Discussion in 'Hunting, Fishing & Camping' started by Tommy Gun, Nov 30, 2003.


  1. Tommy Gun

    Tommy Gun

    What would work well and be a good value? What do you use and what would you use if you could afford it?

    http://www.cabelas.com/cabelas/en/t...g/category-link.jhtml_A&_DAV=MainCatcat470076
     

    Wanna kill these ads? We can help!
  2. Dan

    Dan
     

  3. MI10mm

    MI10mm
     
  4. tjpet

    tjpet

    Other then that I wear jeans, a lightweight down jacket, Sorrel boots, and a wool watch cap. For camo I bought a surplus East German winter cloth poncho (white backround sprinkled with conifer boughs/needles) that goes on or off in a second. Provides plenty of cover in most winter settings. Paid $14 through a surplus store.
     
  5. treemanjohn

    treemanjohn
     
  6. Elk Hunter

    Elk Hunter
     
  7. A.F. Lineman

    A.F. Lineman
     
  8. ithaca_deerslayer

    ithaca_deerslayer

    Do you ski? I've got tons of cold weather stuff from skiing.

    When I want to be warm, I mix and match different sizes. Tighter fitting stuff on first, then loose fitting stuff on top of that.

    For example, I have a pair of gore-tex insulated hunting pants that are loose. I also have an old ski jacket that is loose. That stuff goes on the outside. Underneath goes an old pair of tighter fitting ski pants and a heavy wool flannel shirt that fits over a turtleneck sweatshirt.

    Of course, you also need a fleece neck gaiter to pull up over your face, or one of those foam face masks. I have an oversize cabelas hunting cap with ear flaps. Under that goes an insulted skull cap (I think it was made to fit under ski helmuts).

    Gore-tex insulated ski gloves are a must. Mine are camo, of course. Gloves have to be gore-tex, or else they get damp and fingers get cold. Other things don't have to be gore-tex if you can't afford it, but it is always nice to have. I at least like some kind windbreak and water shedding material on the outside. Doesn't have to be water proof, because snow won't likely melt through it. I don't like wool for an outer layer, I like it only as a middle layer.

    Feet. I like the tall rubber boots (farm style) that have a thick felt liner inside. My feet don't get bothered by moisture, and the rubber is great in going through semi-frozen streams. Gore-tex boots are ok, but they are not as waterproof as rubber. Maybe initially, but after walking a season the gore-tex just won't be 100%. And of course the boots are slightly oversize so I can wear a heavy wool sock.

    This get up protects me down to 0 for sitting still for up to four hours (more or less depending upon how close to 0).

    For below 0, I find I just have to pack in some extra outerwear. One solution that works good is a heavy wool blanket to huddle under while you wait to ambush the big one!

    Now, if we are talking about walking around, then ditch the middle layers, ditch the wool socks, the ski pants, the wool flannel, the face mask, then go out. Otherwise, you will overheat!

    No matter what, don't have anything too tight. Tight = cold (if it is constricting your blood flow). That's why I find mixing and matching the way to go. Different sizes fit together and create warm layers that don't constrict.
     
  9. Tommy Gun


    I did ask Santa for the Cabelas MT050 parka and bib. A lot of money for me! Anything could show up Christmass day. Woolrich, LL Bean, Codet, Wal-Mart, etc.. We will see.......

    http://www.cabelas.com/cabelas/en/templates/pod/horizontal-pod.jhtml?id=0009892&navAction=push&navCount=3&indexId=cat470091&parentId=cat470091&parentType=index&rid=&_DARGS=%2Fcabelas%2Fen%2Fcommon%2Fcatalog%2Fpod-link.jhtml_A&_DAV=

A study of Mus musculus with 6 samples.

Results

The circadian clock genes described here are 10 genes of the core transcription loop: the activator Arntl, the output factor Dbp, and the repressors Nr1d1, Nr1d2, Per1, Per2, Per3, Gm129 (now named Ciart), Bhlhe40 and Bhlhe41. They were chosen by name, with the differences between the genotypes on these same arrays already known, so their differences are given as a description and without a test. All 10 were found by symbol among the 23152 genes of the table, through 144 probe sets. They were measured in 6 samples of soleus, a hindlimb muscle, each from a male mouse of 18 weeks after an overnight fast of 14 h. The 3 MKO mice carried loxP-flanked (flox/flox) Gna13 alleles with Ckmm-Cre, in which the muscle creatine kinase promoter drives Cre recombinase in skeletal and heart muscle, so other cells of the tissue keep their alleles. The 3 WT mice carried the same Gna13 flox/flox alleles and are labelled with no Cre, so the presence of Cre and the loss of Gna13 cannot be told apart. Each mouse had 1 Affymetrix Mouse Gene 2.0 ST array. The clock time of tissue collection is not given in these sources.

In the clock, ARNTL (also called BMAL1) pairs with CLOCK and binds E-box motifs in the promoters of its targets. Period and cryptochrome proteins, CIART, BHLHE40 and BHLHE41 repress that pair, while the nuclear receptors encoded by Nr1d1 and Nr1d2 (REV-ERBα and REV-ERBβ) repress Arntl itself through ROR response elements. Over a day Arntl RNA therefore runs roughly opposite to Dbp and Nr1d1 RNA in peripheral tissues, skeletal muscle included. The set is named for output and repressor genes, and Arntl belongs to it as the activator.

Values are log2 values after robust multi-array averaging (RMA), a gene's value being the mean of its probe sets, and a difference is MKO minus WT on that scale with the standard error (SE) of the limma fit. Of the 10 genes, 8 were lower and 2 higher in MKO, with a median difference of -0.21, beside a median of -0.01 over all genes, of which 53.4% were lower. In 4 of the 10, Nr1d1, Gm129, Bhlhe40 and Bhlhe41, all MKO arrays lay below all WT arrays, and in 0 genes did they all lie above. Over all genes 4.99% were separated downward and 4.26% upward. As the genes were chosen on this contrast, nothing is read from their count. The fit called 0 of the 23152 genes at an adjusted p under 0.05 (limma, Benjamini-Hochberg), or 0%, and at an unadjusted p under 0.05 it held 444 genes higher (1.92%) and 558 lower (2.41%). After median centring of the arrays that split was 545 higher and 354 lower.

Thanks again, and the best to you all in 2004!
     
  10. MarkCO

     
  11. anomad


    I have found versatility is key. If you are wearing enough to be warm when stand or blind hunting, you'll roast with even the lightest activity. If you are chasing chukkars up and down the hills you will freeze if you stop walking.

    Whatever material you choose, get something with lots of zippers and vents that can be opened and closed as your needs change. And wear layers that can come on and off without too much hassle.
     
  12. philkryder

     
  13. onemilmhz

     
  14. modgun


    Ive got a few but the one that was handy to look at was just a cheap Eddie Bauer deal. Sure they sell it online too.

    As was said, it really depends on what you mean by cold. Where I grew up it was regularly -40F, and not uncommon to go to -60F. Thats without wind.
    After about 40 below it gets much harder to tell the temperature drop. Things start to break if it stays that cold long. But youd be surprised how well everyday things go on at -30 or -40.

    Whatever you get make the first layer silk, especially if you go with wool!
    And wear a hat.
     
  15. modgun

     
  16. modgun

     
  17. Tommy Gun

    Tommy Gun

    The venting advice and the point you make about "versatility" are sound but I am surprised to read that the Gortex will not breath as well as the manufacturer claims it will. This is the first time I have heard this. Does anyone else find that Gortex "frosts"?
     
  18. anomad


    At 20-40F gore-tex is perfect! If Santa brought me an MT050 parka and bib I would be tickled. I have an older cabelas gore-tex bib and parka that kept me more than happy all winter in the lower 48.
     
  19. tjpet


    Right now I'm getting mine through Sierra Traditions for under $30 per set (top and bottom.) These are sold as factory seconds but I've yet to see any difference except they're $10 cheaper.

    Go to http://www.sierratradingpost.com to check them out.
     
  20. philkryder

    That's about half what I paid for mine at LLBEAN.
    I just ordered a couple more "before the hoarders get them!?!"